While most of us don't want anything to do with spiders, they are an interesting example of how God "hath chosen the foolish things of the world to confound the wise" (1 Corinthians 1:27), because no one fully understands the way they perform.
Did you ever watch one spinning its web? "My," you think, "where does all that silk thread come from?" Actually, it comes from glands near its back. The strong elastic material is forced through nozzle-like tips as the spider moves. Most spiders have several spinnerets, each with a different opening, so they can produce the kind of thread needed. For instance, when it needs one for lifting itself up and down, it uses a spinneret that makes a coarse, strong thread. When making its web, an entirely different type of thread is required, so it uses other spinnerets. It also produces cottony material for holding and hiding its eggs. All spiders can make three or four different kinds of thread, and some can make as many as seven kinds, all finer than a human hair!
How did the spider ever learn to use the right spinneret at the right time? How did it learn to use two of them working at the same time when it wants an extra-strong thread? When did it get enough courage to trust itself to drop into space with just a thread holding it and know it could crawl back up it again? How can it produce a sticky thread that it can travel over, yet that will trap everything else?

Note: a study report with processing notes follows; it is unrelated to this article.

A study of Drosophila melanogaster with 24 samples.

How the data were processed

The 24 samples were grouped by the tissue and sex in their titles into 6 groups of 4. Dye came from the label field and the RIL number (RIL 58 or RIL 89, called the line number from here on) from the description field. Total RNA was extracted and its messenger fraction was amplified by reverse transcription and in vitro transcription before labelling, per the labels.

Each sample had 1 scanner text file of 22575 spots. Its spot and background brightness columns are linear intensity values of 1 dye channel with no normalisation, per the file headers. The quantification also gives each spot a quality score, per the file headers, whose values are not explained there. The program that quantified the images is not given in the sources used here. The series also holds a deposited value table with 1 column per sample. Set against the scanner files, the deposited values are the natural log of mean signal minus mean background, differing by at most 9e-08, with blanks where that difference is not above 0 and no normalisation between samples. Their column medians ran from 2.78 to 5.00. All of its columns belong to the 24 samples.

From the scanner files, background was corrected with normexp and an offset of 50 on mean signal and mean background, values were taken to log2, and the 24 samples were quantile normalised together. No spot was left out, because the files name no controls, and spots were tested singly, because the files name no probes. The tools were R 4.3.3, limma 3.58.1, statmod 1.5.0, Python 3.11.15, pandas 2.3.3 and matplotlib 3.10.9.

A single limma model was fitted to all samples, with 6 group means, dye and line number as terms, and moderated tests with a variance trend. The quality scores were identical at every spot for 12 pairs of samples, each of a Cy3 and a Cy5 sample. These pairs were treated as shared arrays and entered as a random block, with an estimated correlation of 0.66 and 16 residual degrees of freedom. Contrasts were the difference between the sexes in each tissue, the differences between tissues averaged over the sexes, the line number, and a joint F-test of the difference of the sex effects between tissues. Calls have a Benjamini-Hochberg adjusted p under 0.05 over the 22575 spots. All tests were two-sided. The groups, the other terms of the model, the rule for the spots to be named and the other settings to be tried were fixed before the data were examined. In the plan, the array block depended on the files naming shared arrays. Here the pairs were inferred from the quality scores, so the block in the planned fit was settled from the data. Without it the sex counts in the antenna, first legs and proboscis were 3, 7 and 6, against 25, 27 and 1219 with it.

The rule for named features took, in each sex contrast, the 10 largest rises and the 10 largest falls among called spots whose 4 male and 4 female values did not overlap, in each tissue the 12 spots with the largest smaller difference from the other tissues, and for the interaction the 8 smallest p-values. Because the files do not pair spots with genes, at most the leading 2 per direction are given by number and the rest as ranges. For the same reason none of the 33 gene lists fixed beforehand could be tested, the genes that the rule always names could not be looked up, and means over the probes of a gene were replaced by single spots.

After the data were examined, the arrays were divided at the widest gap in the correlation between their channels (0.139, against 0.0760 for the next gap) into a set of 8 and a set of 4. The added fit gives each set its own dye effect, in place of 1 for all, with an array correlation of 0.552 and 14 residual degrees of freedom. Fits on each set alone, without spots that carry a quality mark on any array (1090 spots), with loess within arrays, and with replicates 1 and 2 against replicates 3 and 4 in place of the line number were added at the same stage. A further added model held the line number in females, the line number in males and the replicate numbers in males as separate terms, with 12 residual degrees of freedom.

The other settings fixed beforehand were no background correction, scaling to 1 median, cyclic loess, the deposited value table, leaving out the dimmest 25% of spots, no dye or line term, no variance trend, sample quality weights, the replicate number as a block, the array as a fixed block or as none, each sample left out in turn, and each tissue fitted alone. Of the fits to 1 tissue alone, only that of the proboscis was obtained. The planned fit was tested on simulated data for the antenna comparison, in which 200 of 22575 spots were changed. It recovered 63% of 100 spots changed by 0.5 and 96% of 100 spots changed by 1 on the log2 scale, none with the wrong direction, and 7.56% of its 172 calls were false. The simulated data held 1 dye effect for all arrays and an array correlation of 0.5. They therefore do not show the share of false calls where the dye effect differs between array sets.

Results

Many times the webs are spun in the dark, where the spider cannot see what it is doing, but its beautifully-shaped webs are perfectly formed.
The spider, lurking at one side of its web, waits for vibrations to tell it that something is caught. If the vibrations are very light, it ignores them. But a medium-sized vibration means food, so it quickly travels across the web to kill and eat the victim. However, if the shaking is great, it means something too big to handle is out there, and it will hurry to cut it loose before it ruins the web. How does the spider know how to interpret these signals?
The answer to all these questions is: No spider ever "learned" how to make a web or where to place it. When the Lord created them, He gave them their remarkable skills. These are often referred to as instincts, which enable them to take care of these things without thinking.
If the Lord has such interest and care over these little creatures, which are here today and gone tomorrow, how much more is He concerned about every boy and girl to whom He has given an everlasting soul? He tells us: "I have loved thee with an everlasting love: therefore with loving-kindness have I drawn thee." Jeremiah 31:3. This wonderful love caused Him to go to Calvary's cross, to die "the Just for the unjust, that He might bring us to God" (1 Peter 3:18). Have you accepted that work in faith and made Him your Saviour?
Copied with permission from Messages of God's Love. More articles in The Wonders of God's Creation (Volume 1-4) by Sidney R. Gill, also published by Bible Truth Publishers.